VANCOUVER -- With COVID-19 limiting travel, many B.C. residents are looking to enjoy local parks, hiking trails and campsites closer to home.

But even though medical experts say the likelihood of coronavirus transmission is reduced outside, there are other risks nature enthusiasts should be aware of during the spring and summer, like ticks. 

Dr. Steve Schofield, one of Canada's leading bug experts, shared some tips for how locals can protect themselves from ticks on CTV Morning Live Thursday. 

The following Q & A is part of a four-minute interview from CTV Morning Live and has been edited for length and clarity. Watch the full interview above. 

Jason Pires: Where can ticks be found?

Dr. Steve Schofield: They're found across the country. Usually you find them, however, in areas where you have trees, shrubs and wildlife. 

Pires: Can they be in your backyard?

Schofield: Absolutely they can be in your backyard. If you have a nice backyard, you have trees, you have squirrels, you have mice, you certainly can have ticks. 

Pires: Why are they such a problem this time of year?

Schofield: This is when, quite often, depending on the species, the adult ticks wake up and they're looking for some blood to make some baby ticks. So they're out and about, looking for someone to feed on. 

Pires: What is the impact they can have on humans and why should we be concerned?

Schofield: No one likes to be fed on by a tick. They feed for a long period of time, four, five, sometimes six days. You can react to the bites. Some people indeed can have a strong reaction that occasionally, very rarely, causes paralysis. Of course, they can also transmit diseases that we're concerned about. Things like the bacteria that causes Lyme disease.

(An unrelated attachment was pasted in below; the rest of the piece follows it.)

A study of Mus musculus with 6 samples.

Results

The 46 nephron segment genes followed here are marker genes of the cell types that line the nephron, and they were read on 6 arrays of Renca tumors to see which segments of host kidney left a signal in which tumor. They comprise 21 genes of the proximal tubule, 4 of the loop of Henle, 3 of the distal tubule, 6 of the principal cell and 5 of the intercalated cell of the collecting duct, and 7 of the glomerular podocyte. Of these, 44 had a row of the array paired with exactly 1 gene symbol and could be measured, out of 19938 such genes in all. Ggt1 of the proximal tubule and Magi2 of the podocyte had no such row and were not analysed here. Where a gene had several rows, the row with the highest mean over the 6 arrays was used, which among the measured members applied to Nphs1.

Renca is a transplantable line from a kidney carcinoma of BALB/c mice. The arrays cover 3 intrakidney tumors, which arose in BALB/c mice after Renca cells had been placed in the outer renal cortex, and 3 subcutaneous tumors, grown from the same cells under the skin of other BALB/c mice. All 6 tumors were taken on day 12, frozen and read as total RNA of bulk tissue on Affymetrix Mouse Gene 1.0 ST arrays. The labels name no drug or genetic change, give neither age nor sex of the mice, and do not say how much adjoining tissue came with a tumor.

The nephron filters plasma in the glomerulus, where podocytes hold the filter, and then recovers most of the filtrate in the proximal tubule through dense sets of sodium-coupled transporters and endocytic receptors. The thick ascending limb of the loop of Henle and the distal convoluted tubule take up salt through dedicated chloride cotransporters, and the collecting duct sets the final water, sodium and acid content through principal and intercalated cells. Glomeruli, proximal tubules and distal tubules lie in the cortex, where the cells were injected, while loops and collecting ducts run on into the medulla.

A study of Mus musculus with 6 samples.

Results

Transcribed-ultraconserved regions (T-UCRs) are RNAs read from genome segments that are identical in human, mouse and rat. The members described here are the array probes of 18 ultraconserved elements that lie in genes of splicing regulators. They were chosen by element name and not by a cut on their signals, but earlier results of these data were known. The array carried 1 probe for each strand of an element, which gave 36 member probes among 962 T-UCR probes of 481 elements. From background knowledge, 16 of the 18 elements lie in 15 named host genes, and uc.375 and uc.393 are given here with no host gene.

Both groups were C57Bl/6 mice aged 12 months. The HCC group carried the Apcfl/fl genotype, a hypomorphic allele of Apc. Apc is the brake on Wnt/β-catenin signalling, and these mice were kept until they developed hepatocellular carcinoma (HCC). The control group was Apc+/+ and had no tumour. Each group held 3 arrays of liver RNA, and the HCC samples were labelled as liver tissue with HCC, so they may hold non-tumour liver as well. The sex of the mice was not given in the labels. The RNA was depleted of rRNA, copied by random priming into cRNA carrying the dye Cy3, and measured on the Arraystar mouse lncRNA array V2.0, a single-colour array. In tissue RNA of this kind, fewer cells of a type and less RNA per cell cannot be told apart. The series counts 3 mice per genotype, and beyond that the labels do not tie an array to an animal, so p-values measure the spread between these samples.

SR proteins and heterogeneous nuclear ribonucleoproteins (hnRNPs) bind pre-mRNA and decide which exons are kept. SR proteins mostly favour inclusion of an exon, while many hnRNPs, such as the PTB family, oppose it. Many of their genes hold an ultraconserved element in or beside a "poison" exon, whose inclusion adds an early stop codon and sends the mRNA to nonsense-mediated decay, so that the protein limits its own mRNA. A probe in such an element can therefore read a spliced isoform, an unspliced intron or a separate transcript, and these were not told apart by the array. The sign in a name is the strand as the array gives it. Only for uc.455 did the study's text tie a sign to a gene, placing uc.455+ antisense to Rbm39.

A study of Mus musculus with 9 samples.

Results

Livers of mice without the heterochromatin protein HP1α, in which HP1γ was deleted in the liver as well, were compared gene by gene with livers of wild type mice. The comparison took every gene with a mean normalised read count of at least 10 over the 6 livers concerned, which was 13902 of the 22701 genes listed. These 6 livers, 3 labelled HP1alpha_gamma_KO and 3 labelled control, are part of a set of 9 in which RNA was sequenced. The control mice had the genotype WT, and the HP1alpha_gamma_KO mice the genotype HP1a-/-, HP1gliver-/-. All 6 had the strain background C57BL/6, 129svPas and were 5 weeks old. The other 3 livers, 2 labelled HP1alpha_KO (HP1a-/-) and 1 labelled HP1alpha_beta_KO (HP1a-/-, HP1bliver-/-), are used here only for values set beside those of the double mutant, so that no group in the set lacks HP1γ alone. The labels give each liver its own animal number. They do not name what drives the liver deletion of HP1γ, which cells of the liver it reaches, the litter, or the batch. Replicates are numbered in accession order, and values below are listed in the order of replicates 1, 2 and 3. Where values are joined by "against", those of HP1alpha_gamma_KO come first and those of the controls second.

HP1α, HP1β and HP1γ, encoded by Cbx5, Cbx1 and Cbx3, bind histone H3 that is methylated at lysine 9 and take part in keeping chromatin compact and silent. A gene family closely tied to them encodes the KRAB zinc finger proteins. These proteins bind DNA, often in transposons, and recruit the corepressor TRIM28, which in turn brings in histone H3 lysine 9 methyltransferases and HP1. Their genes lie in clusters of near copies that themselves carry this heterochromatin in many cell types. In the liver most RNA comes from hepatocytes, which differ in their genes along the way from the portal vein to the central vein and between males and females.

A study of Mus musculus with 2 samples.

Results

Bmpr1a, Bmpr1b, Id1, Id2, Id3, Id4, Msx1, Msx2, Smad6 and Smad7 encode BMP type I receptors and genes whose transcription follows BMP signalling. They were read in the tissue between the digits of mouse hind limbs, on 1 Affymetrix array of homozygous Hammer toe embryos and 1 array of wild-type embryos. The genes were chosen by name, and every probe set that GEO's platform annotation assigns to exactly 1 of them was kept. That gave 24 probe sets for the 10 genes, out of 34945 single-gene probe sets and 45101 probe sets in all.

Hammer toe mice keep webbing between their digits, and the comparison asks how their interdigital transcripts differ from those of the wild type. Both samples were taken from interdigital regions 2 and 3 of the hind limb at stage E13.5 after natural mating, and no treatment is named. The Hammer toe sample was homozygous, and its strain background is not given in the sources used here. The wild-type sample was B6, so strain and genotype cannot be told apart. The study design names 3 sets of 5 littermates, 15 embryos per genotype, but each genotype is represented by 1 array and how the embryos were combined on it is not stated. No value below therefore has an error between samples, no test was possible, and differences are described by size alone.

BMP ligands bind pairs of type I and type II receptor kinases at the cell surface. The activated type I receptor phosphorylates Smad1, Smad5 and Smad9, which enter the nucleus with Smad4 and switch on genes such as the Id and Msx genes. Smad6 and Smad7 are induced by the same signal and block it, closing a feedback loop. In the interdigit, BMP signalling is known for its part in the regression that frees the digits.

Pires: So how do we protect ourselves when we're going camping or just spending time outdoors?

Schofield: There's really a couple of ways. Firstly, don't get bit. Secondly, if you do get bit, you get them off quickly. 

Pires: Is there a certain bug spray we should be looking for to prevent these ticks from biting us?

Schofield: There's a number of things you can do. You can certainly, as part of your approach to avoiding tick bites, use repellents that you put on your skin. More recently, and I think this is really exciting, there's clothing that's treated with a repellent … and it actually binds the repellant right into the fibres and that means the repellent lasts a long time and it works really, really well against things like ticks that crawl. 

Ticks like biting in all those nasty areas, those hidden areas. So those areas you should check and you should check frequently when you're outside – or at least once a day – are nooks and crannies. So your belly button, your posterior, behind your ears, in your ears. 

And indeed for things like ticks that transmit Lyme disease, if you can get them off within a day, generally they can't transmit the parasite that we're worried about. So it's a really good idea to do tick checks that complements the use of … repellents.

Pires: When should you get medical attention? 

Schofield: Your threshold for seeking medical attention should always be low. In the case of something like tick paralysis, it's very rare. What's happening in that situation is as the tick feeds on you, it's actually spitting into you because it's on you for a very long period of time so that it can get the blood that it wants. We react to that, and sometimes it causes this paralysis. Certainly, if you find a tick on you and you're not doing so well, you should seek medical attention.